Marvel’s Ant-Man with Paul Rudd and Michael Douglas arrives Dec. 8th on Blu-ray/DVD from Disney as an absurd superhero/heist movie.
Self-mocking and more of a domestic drama, Ant-Man takes Marvel in yet another direction while still containing the spirit of Edgar Wright’s vision before departing.
In fact, director Peyton Reed believes it’s the single most challenging character in Marvel history: “In the comic book realm, he was a founding Avenger but he never had his own comic magazine, and he always had, in the context of The Avengers, an inferiority complex because he’s this tiny hero fighting alongside the Hulk and Thor,” Reed explained. “And he might even have a dose of schizophrenia. But in terms of the Marvel cinematic universe, he didn’t make it into The Avengers movie, so for me it’s very gratifying to do an Ant-Man origin story and, in my own mind, restore order to the universe by bringing in both Hank Pym [Douglas] and Scott Lang [Rudd].”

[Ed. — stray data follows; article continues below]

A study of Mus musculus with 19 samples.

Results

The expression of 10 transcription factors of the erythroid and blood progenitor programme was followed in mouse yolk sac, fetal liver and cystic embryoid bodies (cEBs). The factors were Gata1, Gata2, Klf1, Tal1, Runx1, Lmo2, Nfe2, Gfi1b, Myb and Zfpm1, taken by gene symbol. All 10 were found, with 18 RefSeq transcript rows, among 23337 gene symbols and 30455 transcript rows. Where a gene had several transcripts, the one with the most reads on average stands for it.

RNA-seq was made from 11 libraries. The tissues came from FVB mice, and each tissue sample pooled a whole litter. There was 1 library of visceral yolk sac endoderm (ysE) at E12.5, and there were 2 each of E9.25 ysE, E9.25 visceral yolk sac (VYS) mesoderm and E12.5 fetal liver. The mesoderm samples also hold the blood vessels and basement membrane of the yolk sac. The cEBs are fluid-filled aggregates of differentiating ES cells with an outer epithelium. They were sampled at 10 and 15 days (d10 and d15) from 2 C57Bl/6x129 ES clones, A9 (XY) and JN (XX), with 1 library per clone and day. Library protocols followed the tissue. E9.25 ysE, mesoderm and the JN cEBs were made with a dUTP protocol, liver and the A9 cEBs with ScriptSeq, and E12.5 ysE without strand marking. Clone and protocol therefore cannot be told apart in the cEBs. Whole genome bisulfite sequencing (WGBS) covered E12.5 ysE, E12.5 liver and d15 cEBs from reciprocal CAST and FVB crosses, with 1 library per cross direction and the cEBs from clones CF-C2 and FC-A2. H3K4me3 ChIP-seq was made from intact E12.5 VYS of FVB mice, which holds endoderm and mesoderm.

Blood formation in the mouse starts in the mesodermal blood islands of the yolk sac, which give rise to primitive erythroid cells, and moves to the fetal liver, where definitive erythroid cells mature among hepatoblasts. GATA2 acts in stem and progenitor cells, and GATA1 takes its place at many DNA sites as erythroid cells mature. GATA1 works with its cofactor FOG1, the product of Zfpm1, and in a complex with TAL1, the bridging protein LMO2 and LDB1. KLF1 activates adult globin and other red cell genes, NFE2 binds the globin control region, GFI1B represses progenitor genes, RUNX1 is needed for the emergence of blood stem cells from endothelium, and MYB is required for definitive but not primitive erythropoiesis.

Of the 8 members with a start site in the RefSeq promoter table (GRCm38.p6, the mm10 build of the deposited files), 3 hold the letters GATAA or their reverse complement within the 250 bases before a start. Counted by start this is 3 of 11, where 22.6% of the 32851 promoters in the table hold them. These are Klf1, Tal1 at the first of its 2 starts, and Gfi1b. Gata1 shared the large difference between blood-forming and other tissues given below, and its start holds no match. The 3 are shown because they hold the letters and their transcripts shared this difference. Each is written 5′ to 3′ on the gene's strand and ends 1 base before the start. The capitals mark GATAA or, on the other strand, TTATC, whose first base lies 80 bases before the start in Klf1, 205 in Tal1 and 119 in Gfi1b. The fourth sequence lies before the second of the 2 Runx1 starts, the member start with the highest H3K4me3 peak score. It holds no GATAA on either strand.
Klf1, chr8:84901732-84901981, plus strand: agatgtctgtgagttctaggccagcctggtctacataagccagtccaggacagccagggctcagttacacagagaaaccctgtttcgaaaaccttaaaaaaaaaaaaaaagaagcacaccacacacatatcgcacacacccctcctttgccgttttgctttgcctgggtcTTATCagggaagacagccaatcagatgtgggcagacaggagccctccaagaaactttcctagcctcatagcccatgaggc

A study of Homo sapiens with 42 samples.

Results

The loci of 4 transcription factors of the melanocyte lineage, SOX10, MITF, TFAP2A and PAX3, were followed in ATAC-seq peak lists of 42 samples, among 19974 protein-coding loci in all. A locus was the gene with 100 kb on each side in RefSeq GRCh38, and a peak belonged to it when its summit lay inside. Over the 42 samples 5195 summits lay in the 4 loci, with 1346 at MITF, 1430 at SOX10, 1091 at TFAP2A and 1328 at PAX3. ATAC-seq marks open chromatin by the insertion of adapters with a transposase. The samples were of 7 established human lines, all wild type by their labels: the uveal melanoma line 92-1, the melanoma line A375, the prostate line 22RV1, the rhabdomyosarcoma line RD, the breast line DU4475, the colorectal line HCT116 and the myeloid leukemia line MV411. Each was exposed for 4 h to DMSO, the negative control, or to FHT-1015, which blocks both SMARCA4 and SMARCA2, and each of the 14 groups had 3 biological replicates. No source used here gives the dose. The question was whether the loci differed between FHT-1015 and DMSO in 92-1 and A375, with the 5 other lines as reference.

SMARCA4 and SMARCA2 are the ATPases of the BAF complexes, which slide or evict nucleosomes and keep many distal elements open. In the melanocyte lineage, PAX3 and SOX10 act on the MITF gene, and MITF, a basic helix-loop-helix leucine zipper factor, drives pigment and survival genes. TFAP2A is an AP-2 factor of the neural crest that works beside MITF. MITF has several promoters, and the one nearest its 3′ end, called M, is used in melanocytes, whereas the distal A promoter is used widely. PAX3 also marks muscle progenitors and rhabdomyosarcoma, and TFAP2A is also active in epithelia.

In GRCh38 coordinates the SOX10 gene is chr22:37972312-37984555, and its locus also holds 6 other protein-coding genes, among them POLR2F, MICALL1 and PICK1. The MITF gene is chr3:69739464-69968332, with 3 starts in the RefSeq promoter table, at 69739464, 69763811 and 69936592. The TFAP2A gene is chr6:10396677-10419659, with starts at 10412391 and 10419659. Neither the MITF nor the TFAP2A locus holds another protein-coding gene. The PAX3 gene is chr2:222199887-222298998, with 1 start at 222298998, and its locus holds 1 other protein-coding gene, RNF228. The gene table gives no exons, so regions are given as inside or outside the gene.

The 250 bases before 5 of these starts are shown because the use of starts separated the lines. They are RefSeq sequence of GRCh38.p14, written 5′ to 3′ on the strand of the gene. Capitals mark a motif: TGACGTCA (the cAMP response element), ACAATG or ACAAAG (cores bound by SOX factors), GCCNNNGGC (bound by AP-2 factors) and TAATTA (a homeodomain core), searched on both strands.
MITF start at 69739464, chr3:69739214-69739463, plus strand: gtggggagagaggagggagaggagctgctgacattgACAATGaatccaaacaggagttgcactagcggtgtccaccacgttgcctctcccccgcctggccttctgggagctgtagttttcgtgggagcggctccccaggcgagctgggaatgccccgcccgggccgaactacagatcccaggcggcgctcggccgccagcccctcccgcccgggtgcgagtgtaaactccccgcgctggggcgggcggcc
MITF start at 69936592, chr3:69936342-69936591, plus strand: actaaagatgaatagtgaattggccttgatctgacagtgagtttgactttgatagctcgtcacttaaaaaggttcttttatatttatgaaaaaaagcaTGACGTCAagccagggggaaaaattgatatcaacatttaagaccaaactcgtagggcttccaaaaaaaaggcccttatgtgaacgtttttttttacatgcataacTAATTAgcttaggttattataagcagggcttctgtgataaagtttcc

The challenge here was pulling off a 21st-century version of the Incredible Shrinking Man gag, and so they created a Macro Unit that worked on its own sound stage at Pinewood in Atlanta. There was a dedicated art department that made tiny props, a camera crew that shot and played with forced perspective and a VFX team at Double Negative that captured all of the photographic environments with its Jigsaw tool. But it had to be flexible enough to move the camera anywhere and it had to be photoreal. That meant using motion picture macro-photography, still macro-photography, and mocap suits, tiling all of the surfaces to make them tactile, and then stitching it all together and moving the virtual camera in sharp panoramas. In other words, it was Marvel’s version of Mr. Toad’s Wild Ride.